LENOX — Very little is conventional about Emma Woodhouse, the eponymous would-be matchmaker heroine of Jane Austen's fourth novel; the last to be published in her lifetime.
Before she began writing "Emma," Austen famously described her as a heroine "no one but myself will much like."
Austen was wrong. Emma Woodhouse is one of Austen's more popular characters. "Emma" has been adapted for the movies — eight times; and multiple times on television, the stage, YouTube. Now, it's playwright Kate Hamill's turn.
Hamill's "Emma," a new play-in-development, will be presented by Shakespeare & Company in a free virtual costumed staged reading this weekend and next. The performance can be accessed at 7 p.m. Saturday and Sunday, and again Jan. 2 and 3 through the Shakespeare & Company website — shakespeare.org.
Ariel Bock is directing a cast headed by Kirsten Peacock in the title role. Joining her are David Bertoldi as Mr. Knightley, Jordan Cobb as Harriet Smith, Nick Nudler as Frank Churchill, Madeleine Rose Maggio as Jane Fairfax; and Rory Hammond, Kristen Moriarty, and Devante Owens.
Hamill describes herself as a "new play playwright," but she has often turned to classical literature as sources of inspiration. "Emma" is Hamill's fourth Austen adaptation. The playwright/actor also has written stage adaptations of Louisa May Alcott's "Little Women" and William Makepeace Thackeray's "Vanity Fair."
"I wanted to write new feminist classics," Hamill said by phone; plays featuring women who are both of their time and ours.
"I started in 2012," Hamill said. "At that time, the Austen adaptations were done by men. But [Austen's] work always centered around women; what they want as opposed to [what was expected of them] by society. What did you do if you were a woman of intelligence but [not allowed to act on it]?"
Emma is headstrong, impulsive, charming, independent, smart, too often without a sense of boundaries in mannered country society that was very much about boundaries, especially if you were a woman.
"She's an extremely flawed [figure] you love and are also horrified by," Hamill said, aligning Emma to Dolly Levi in the musical "Hello, Dolly!" or Lucille Ball's Lucy Ricardo in the 1950s "I Love Lucy" sitcom. "You want Emma to succeed, but you also want her to wake up.
"She's extremely flawed. That's why she's fun."
Bock also is no stranger to Austen. Beginning in 2017 with Lauren Gunderson and Margot Melcon's "Miss Bennet: Christmas at Pemberley," involving Austen's "Pride and Prejudice" characters, costumed staged readings of Austen works have become something of a holiday season tradition at Shakespeare & Company. Bock has directed all of them. "Christmas at Pemberley" was followed in 2018 by Jon Jory's adaptation of "Pride and Prejudice." Last year, it was Hamill's adaptation of "Sense and Sensibility."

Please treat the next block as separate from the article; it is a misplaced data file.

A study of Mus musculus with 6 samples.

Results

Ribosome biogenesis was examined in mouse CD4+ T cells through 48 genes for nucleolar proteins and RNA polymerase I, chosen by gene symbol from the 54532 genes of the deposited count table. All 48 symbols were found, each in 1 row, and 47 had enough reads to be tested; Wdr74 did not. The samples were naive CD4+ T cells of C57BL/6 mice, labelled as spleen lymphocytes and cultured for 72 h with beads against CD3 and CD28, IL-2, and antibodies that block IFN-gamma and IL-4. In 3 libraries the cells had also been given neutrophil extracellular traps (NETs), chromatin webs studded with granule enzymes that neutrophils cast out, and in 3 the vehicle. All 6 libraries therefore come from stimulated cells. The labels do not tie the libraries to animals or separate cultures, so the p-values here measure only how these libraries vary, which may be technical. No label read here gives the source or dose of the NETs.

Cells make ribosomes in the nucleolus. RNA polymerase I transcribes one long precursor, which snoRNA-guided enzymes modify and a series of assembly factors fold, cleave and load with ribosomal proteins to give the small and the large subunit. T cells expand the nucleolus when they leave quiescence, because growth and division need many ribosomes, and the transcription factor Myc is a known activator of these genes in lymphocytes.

"Emma" was due to have its world premiere in April at the Guthrie Theater in Minneapolis.
"When we were planning our 2020 season, we were thinking of a different Jane Austen," Bock said by phone. "I thought 'Emma' would be fun."
Hamill said "yes" when Bock asked if Shakespeare & Company could do a staged reading this winter.
"It's a reading so I said 'Here's the script. Have fun,'" Hamill said.
COVID-19 changed everything. Like theaters all across the country, Shakespeare & Company canceled their season. But, Bock said, "we still thought maybe we could do a live 'Emma,'" but none of the possible scenarios made sense given COVID-19 protocols.
"I was heart-broken," Bock said.
Ironically, as things turned out, "Emma" became the only production planned for Shakespeare & Company's 2020 season to survive.
Bock and her designers, Govane Lohbauer (costumes) and Patrick Brennan (sets), realized the spacious production center in Shakespeare & Company's Elayne P. Bernstein complex would be large enough to safely accommodate seven actors and a film crew of four.
Only one actor, Jordan Cobb, contributed her performance from her parents' home in New Jersey.
"We sent her costumes and some prop pieces," Bock said. "She found a room in [her] house that fit Patrick's color scheme perfectly."
Brennan created a series of mini-sets — one for each actor — which were carefully marked out to keep actors safe from one another and within camera range.
Lohbauer and Brennan spent several days before the start of rehearsals setting up the mini-sets, props, costumes and technical elements. Scripts were attached to the actors' cameras so the reading doesn't look like a reading.
All in all, company members spent three 6-hour days, in person and socially distanced, in the production center. There also was a 2- to 3-hour readthrough on Zoom before everyone went into the production center. The show is now in post-production.
In total, Bock said in a follow-up email, "the work spread over three weeks in which everyone ... was also working on other projects."
The December show always has been a labor love, Bock said.
"It's our chance to have fun; to take just a reading and enhance the story with those elements that draw all of us to live performance," Bock said in her email.
"We've adapted that this year but, even in these crazy times, we found playfulness, joy and community in creating this 'Emma' as a holiday present for our audience.
"There is nothing like live theater — and I know it will return — but this was fun, too!"
"I think it's lovely that people are making theater," Hamill said. "I think if people love their local theater, now's the time to show up and watch."